All-season trees: River birch

All-season trees like river birch provide interest to your landscape by changing colors throughout all four seasons.

River birch. Photo by John Ruter, University of Georgia, Bugwood.org.

River birch. Photo by John Ruter, University of Georgia, Bugwood.org.

The river birch, Betula nigra, also known as red birch, water birch or black birch, is native to the United States, with its geographical range encompassing almost the entire eastern half of the United States. Birches belong to the Betulaceae family. The genus Betula is birch and the species nigra means black. The species name generally tells something specific about a plant and for the river birch, it refers to the gray-brown, almost blackish bark.

When Prince Maximilian (Emperor of Mexico from 1864-1867) visited the United States, he declared the river birch the most beautiful of American trees. ‘Heritage,’ a cultivar of the river birch, was more recently selected as the 2002 Tree of the Year by the Society of Municipal Arborists.

The river birch is naturally found in thickets along rivers, streams and lakeshores. It is an excellent tree as its roots do a great job holding shorelines together, helping to prevent erosion. It is hardy, growing in zones 4-9. The river birch has a geographical range bigger than any birch in the states. It adapts well to hot climates and is the only birch found in southern states.

USDA Plant Hardiness Zone Map

USDA-Zone Map USDA Plant Hardiness Zone Map. View larger image.

The river birch is popular in home landscapes and used in parks and commercial properties. I echo Prince Maximilian’s sentiments, as it is a personal favorite of mine as well. Tree experts also echo the praise for the river birch.

 “Only the shaggy, brown river birch seems truly adapted to cities, holding its own with urban heat blasts and the deadly borer,” said Arthur Plotnik in “The Urban Tree Book.”

“‘Heritage’ river birch is an excellent selection with superior vigor, larger leaves and greater resistance to leaf spot,” said Michael Dirr in “Trees.”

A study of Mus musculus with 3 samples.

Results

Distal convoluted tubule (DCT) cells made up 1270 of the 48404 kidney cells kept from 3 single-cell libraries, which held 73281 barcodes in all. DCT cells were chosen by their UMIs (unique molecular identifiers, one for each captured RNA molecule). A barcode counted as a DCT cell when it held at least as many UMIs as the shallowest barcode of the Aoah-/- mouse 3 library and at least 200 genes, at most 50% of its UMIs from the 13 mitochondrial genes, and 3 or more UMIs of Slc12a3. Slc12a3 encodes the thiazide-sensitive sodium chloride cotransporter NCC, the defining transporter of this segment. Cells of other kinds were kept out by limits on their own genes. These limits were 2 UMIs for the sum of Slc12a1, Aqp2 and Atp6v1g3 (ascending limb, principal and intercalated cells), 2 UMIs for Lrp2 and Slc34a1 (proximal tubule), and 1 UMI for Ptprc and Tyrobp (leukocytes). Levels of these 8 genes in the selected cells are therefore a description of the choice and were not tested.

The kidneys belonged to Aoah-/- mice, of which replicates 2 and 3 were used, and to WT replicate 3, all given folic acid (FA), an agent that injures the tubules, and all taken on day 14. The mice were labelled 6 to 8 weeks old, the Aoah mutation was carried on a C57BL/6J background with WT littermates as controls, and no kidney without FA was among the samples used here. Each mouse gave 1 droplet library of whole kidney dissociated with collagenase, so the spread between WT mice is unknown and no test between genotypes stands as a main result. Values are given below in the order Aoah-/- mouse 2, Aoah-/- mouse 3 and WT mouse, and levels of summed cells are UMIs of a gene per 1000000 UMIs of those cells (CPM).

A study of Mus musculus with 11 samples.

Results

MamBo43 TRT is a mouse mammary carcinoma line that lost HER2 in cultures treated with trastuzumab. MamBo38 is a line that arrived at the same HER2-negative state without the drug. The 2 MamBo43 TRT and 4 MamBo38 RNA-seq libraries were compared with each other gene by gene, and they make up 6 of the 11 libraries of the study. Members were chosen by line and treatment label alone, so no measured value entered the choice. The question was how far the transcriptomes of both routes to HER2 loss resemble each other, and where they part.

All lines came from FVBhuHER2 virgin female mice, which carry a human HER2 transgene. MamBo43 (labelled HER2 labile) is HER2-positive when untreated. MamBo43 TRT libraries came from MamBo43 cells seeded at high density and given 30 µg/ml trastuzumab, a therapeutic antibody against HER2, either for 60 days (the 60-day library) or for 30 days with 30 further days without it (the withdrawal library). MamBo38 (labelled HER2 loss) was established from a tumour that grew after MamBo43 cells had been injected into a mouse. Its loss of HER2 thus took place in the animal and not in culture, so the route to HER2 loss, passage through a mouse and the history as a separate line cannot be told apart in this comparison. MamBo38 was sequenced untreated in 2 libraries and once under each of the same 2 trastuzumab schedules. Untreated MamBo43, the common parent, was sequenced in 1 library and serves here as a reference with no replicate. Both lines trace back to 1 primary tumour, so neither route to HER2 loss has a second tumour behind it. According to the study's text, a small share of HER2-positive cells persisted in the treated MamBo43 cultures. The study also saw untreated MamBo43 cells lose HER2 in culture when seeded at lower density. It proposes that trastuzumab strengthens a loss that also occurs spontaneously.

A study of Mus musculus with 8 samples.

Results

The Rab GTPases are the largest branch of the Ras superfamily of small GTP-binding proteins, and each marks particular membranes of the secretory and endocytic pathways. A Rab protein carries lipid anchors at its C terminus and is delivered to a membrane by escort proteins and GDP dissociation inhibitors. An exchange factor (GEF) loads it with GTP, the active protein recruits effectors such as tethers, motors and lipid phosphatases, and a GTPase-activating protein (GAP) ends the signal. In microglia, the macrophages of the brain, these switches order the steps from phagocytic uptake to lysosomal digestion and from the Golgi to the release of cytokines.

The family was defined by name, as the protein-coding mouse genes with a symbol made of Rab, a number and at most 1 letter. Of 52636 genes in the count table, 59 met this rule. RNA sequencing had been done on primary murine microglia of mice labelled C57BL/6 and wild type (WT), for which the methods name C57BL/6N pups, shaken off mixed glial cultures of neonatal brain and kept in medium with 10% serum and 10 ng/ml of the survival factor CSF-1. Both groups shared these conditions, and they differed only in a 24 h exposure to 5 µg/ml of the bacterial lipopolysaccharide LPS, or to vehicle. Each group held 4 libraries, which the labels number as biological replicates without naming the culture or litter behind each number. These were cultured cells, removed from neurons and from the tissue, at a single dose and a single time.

River birch

River birch is known for its showy exfoliating bark all four seasons. Photo by Paul Wray, Iowa State University, Bugwood.org.

The river birch is a fast growing tree, reaching between 40 and 90 feet. With its graceful weeping branches, it make an excellent ornamental tree and adapts very well to most conditions. River birches like sun to full shade and the soil can be highly acidic to alkaline. It will grow in loam, clay or sand and is somewhat drought-tolerant. It will tolerate wet soils, but prefers moist growing conditions. River birches are also resistant to bronze birch borer; other pest may cause minimal damage. They are wind and ice tolerant, adding to their value in the landscape.

River birch

River birch can grow as high as 90 feet. Photo by Karan A. Rawlins, University of Georgia, Bugwood.org.

River birches are available in single stem or the more attractive multi-stem forms. They offer a nice, yellow fall color and showy exfoliating bark for all seasons. River birch peel in colorful flakes of brown, salmon, orange and lavender. As an added bonus, these will grow where white birches fail to thrive. The river birch also attracts wildlife, as birds eat its seeds and deer enjoy munching on twigs and foliage. Ruby-throated hummingbirds find the sap a tasty treat. Native Americans also found value in the tree’s sap as they boiled it to make a sweetener, much like maple syrup.